After Greater London, the English county with the largest population is the West Midlands. Its seven metropolitan boroughs include the conurbations of Birmingham, Wolverhampton, and Coventry. It is in the latter that Mobileye, an Intel Company, is collaborating with Transport for West Midlands (TfWM) on a pilot project to digitise roadside assets and infrastructure.
TfWM does not itself run any public transport services, but rather it is responsible for co-ordinating them. In fact, its strategic remit extends beyond public transportation to also include freight and private transport in the West Midlands.
The pilot with Mobileye is part of TfWM’s wider strategy to leverage new technologies across the county in order to optimise maintenance of its highway apparatus and find savings for key stakeholders such as public utilities. Further down the line, the creation of datasets will lead to valuable insights into how to develop and roll out new mobility services.
In partnership with the local authority, TfWM selected a 40-square-kilometre area around Coventry for its trial to capture and scan road infrastructure and markings.
Commenting on the partnership, Mike Waters, Director of Policy, Strategy and Innovation, Transport for West Midlands, said: “Transport for West Midlands are working with Mobileye to assess potential for their automated data collection technology to support the collation and digitiation of large and complex real-time datasets relating to highway apparatus, restrictions and regulations. This process is crucial to enhancing the efficient operation of our highway network and increasing the effectiveness of our workforce and maintenance regimes.
“The easy availability of open, accurate and continually updated data sources is key to future proofing our highway network and transport systems. It will be a key element in accommodating transport solutions of the near future, notably increased automation and a greater focus on the adoption of flexible, sustainable micro-mobility travel options.”
The methodology chosen for the pilot involved retrofitting a single Mobileye camera onto local authority waste and recycling trucks operational in the pilot area. The camera silently scans the road ahead as Coventry’s refuse collectors go about their regular business, serving their community. This makes the Mobileye solution not only cost-effective but also unintrusive.
Roadside infrastructure and markings are scanned continuously as the vehicles travel around, which over time builds up an increasingly accurate and complete picture. Single scans are a snapshot; if you miss a road marking or a street sign (e.g., due to trees, or road works) the data is inaccurate until the next scan, which could be months or even years later. Continuous scanning from a vehicle that by its very nature drives through every street on a weekly or twice-weekly basis builds a much more accurate and complete picture over time.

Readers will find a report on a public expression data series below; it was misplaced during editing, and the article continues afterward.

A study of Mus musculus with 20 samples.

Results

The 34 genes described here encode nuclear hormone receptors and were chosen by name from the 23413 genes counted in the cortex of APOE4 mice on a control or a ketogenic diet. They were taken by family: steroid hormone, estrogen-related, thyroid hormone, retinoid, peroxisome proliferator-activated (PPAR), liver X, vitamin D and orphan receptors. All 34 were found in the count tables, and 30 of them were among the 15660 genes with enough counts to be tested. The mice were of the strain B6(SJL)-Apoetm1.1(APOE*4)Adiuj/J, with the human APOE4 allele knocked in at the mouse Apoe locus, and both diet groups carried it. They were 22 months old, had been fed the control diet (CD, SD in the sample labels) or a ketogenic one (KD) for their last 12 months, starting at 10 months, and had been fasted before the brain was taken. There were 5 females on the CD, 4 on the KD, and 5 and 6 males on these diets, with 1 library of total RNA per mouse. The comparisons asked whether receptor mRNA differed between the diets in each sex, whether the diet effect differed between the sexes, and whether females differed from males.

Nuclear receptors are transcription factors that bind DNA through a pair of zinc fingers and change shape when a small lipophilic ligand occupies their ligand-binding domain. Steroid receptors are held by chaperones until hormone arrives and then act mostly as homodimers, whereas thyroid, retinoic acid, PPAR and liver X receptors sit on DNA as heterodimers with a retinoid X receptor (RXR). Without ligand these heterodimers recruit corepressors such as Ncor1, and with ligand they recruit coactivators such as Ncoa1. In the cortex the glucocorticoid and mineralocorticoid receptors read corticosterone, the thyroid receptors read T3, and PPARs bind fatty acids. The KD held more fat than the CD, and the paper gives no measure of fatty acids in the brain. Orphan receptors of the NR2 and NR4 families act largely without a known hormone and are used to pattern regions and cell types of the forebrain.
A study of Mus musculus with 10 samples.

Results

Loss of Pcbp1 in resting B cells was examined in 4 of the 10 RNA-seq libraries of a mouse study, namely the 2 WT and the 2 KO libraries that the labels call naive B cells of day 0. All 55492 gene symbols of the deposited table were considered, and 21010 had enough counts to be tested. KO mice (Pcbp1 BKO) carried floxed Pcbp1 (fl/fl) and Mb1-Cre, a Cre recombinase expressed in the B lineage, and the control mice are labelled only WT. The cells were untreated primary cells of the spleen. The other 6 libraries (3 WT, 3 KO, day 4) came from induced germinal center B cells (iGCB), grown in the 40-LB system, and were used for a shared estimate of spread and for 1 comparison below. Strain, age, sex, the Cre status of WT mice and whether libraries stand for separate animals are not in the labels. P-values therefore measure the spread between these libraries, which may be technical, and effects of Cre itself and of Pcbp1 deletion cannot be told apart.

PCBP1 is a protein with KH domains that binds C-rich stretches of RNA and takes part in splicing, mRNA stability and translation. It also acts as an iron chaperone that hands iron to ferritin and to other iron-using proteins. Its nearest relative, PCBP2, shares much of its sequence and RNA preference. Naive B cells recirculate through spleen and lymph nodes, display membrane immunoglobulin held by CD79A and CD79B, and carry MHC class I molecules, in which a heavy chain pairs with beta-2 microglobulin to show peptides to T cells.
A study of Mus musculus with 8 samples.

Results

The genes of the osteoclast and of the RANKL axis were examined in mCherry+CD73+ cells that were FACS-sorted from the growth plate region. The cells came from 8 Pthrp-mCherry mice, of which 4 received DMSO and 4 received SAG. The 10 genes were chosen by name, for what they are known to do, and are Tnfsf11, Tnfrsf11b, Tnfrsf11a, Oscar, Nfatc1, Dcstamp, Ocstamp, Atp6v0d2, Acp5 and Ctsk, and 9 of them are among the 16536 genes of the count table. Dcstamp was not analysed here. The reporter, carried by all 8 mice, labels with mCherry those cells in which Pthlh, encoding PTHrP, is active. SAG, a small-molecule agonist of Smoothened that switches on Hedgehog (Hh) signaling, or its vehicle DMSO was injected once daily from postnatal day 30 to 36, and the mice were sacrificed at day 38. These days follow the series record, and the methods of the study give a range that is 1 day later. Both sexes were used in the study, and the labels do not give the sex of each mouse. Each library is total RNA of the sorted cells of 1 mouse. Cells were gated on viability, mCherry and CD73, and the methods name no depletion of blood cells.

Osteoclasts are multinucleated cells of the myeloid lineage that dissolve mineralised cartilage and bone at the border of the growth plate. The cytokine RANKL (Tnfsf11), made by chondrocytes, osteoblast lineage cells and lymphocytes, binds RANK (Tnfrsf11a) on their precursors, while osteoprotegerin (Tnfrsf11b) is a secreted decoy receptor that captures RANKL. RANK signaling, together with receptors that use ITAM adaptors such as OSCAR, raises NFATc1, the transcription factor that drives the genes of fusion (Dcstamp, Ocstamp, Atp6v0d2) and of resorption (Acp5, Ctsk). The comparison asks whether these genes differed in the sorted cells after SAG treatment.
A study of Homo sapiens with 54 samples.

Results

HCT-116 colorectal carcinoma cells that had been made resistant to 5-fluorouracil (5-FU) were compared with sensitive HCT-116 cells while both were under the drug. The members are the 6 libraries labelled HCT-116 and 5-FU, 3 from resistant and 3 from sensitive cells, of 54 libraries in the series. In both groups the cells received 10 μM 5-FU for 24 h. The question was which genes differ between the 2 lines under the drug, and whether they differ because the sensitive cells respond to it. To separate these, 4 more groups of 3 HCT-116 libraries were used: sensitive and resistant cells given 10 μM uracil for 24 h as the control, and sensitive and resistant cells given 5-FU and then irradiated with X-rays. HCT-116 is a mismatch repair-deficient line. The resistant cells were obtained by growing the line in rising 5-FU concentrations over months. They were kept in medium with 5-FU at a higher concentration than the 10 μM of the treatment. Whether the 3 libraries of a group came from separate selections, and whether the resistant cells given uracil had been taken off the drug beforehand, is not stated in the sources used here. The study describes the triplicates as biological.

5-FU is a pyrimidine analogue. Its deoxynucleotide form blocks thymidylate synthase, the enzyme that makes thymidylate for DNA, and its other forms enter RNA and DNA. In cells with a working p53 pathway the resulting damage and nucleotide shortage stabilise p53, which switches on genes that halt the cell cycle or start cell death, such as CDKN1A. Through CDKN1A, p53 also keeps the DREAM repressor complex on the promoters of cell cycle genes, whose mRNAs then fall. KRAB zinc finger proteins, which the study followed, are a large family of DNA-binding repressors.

This is what is happening. In a six-month proof of concept with six vehicles, Mobileye has so far “mapped” the following assets:
- 1,615 road signs
- 801 traffic lights
- 1,722 streetlights
Going forward, as the data is evaluated, the digital map would be actionable in several operational areas:
- The data would improve both reactive and planned maintenance programmes, reducing time spent on site finding the asset
- The data gives insight into the condition of the assets, allowing local authorities to optimise investment plans
- Long-term data on performance/replacement timings would lead to an overall optimisation of performance.
Although driver and public safety is not strictly within the remit of the digitisation project, it is one of the immediate benefits of using Mobileye’s collision avoidance technology.
The system can be leveraged in all kinds of other ways: it is able to give insights on traffic flows or near-miss incidents or identify hazards on the road. In addition, it can record and score traffic flows.
It is early days but collaborations such as the TfWM/Mobileye pilot have the transformative potential to significantly cut maintenance costs as well as steer transport policy and innovation for decades to come.